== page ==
Malaysia Issues TCFD Adoption Guide for Financial Institutions

All local and foreign financial institutions expected to adopt the basic recommendations within 24 months.

Malaysia’s JC3 (Joint Committee on Climate Change) has released new guidance outlining recommendations for financial institutions on the implementation of climate-related disclosures that are aligned with the recommendations of the Task Force on Climate-related Financial Disclosures.

The JC3 consulted on a draft version of the application guide earlier this year, a part of its efforts to ensure that Malaysian financial institutions collectively manage all material risks and opportunities stemming from climate change in a comprehensive manner.

The TCFD Application Guide draws reference from a selection of good practices adopted by financial institutions that are regarded as global leaders in this space.

The Guide was developed by the Malaysian financial industry within the context of the Malaysian economy and financial system, to support financial institutions that are stepping up efforts to implement the TCFD Recommendations in phases beginning 2022.

It outlines key recommendations supplemented by the relevant descriptions, guidance notes, considerations and examples that could be utilised as practical resources to help financial institutions improve their disclosures.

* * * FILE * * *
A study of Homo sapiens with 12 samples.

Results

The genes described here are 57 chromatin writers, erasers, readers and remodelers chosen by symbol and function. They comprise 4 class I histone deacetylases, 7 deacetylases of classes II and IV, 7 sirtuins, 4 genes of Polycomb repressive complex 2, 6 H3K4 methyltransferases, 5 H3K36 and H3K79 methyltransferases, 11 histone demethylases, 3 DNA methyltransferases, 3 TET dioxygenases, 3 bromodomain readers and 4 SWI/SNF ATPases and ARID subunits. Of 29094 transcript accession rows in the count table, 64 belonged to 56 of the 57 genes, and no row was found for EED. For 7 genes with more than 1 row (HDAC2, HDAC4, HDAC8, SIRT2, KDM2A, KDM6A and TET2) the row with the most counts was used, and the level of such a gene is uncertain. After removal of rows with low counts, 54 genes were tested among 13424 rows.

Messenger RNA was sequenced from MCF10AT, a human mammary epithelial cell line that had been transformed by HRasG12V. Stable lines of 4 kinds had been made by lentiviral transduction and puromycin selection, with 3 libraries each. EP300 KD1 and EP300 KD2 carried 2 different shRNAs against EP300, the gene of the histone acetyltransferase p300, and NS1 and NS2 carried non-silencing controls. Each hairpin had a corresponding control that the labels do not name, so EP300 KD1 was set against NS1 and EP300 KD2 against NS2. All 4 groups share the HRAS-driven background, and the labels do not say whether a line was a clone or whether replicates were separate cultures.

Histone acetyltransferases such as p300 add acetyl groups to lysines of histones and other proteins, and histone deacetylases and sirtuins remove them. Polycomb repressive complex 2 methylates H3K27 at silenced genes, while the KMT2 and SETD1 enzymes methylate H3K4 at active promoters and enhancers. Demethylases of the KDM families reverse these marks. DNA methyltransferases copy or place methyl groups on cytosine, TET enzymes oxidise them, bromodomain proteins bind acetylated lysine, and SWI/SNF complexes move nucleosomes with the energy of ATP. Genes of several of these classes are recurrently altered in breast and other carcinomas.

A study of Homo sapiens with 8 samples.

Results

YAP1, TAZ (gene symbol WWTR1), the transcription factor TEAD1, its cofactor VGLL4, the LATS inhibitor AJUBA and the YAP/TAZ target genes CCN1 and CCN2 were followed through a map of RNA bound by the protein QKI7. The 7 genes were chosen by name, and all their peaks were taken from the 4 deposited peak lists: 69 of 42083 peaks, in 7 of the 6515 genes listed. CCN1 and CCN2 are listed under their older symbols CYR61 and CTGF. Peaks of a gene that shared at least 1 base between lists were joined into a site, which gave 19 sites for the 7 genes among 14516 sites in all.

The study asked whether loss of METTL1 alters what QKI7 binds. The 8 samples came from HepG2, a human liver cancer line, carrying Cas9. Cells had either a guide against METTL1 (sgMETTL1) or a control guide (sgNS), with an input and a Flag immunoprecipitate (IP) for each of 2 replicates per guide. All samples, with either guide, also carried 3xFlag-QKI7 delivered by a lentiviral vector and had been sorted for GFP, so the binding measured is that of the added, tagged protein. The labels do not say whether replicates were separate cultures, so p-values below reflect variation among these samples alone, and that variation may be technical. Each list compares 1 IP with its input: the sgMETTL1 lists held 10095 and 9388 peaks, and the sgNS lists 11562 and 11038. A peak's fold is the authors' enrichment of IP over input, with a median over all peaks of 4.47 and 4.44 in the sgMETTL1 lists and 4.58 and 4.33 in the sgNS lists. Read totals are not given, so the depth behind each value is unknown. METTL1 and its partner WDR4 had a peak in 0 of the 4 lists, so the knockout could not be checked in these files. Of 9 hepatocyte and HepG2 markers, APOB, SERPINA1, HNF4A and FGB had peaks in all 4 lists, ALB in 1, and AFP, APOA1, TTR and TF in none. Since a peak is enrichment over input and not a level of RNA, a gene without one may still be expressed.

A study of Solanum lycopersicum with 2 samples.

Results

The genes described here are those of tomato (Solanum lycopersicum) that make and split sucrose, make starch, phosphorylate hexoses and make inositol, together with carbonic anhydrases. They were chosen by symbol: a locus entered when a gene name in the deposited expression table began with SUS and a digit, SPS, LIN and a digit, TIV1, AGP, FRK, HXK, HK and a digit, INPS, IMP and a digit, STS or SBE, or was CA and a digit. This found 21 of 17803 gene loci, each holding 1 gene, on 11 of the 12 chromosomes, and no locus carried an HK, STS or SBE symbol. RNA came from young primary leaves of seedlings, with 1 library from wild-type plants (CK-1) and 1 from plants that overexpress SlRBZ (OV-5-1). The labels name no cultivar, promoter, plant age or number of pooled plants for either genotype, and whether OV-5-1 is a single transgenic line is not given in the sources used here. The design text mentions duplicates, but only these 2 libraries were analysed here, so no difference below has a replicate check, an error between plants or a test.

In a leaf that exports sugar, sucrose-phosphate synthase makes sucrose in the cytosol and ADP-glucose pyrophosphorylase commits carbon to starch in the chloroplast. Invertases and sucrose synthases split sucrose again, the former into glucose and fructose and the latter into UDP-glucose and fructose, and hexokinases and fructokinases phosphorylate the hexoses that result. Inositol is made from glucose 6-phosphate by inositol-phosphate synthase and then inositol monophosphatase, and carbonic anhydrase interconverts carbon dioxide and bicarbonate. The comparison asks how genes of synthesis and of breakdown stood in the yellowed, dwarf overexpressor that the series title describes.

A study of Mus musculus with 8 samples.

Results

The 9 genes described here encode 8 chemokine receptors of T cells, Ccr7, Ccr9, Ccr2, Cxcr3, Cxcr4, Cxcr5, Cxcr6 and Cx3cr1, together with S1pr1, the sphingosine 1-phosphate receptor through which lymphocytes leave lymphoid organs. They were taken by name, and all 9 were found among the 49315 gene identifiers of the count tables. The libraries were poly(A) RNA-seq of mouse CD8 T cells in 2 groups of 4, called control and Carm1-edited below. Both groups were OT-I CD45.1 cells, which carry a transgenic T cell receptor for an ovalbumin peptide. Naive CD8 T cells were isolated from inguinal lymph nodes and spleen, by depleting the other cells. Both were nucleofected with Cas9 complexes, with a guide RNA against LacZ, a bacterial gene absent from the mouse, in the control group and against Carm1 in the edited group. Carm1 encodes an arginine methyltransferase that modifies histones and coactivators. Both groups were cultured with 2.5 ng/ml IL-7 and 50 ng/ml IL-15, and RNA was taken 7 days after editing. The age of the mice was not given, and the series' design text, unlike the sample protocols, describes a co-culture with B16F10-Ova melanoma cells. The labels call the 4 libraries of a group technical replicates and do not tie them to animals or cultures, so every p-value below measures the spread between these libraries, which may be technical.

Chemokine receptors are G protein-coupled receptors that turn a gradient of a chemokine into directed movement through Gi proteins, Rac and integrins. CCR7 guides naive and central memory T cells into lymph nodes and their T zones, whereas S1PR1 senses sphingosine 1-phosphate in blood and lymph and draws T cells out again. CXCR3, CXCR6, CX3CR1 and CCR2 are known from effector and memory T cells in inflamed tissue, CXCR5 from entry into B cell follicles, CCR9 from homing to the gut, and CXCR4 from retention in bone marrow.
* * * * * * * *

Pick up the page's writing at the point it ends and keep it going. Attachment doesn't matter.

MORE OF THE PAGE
All local and foreign financial institutions – banks, insurers, takaful operators, asset managers, and institutional investors – are expected to adopt the basic recommendations set out in the application guide, within a recommended implementation timeframe of 24 months.

Financial institutions will also be encouraged to adopt so-called ‘Stretch’ recommendations, which are linked to more sophisticated underlying practices but their adoption should depend on a financial institution’s overall climate risk exposure and complexity of operations.

Each financial institution should conduct an assessment to determine the extent to which they should adopt the Stretch Recommendations, and the corresponding timeframe for implementation.

“Supervised financial institutions are expected to integrate climate-related risks and considerations into their governance framework arrangement, organisational structure, business strategies, corporate planning and risk management practices,” the guide says.

As an extension of this initiative, disclosure guides for Malaysian businesses will be developed later in 2022.

The JC3 was set up in September 2019 as a platform to pursue collaborative actions for building climate resilience within the Malaysia financial sector. The task force is co-chaired by Malaysia’s securities commission and central bank, comprising Bursa Malaysia and 19 other financial industry players.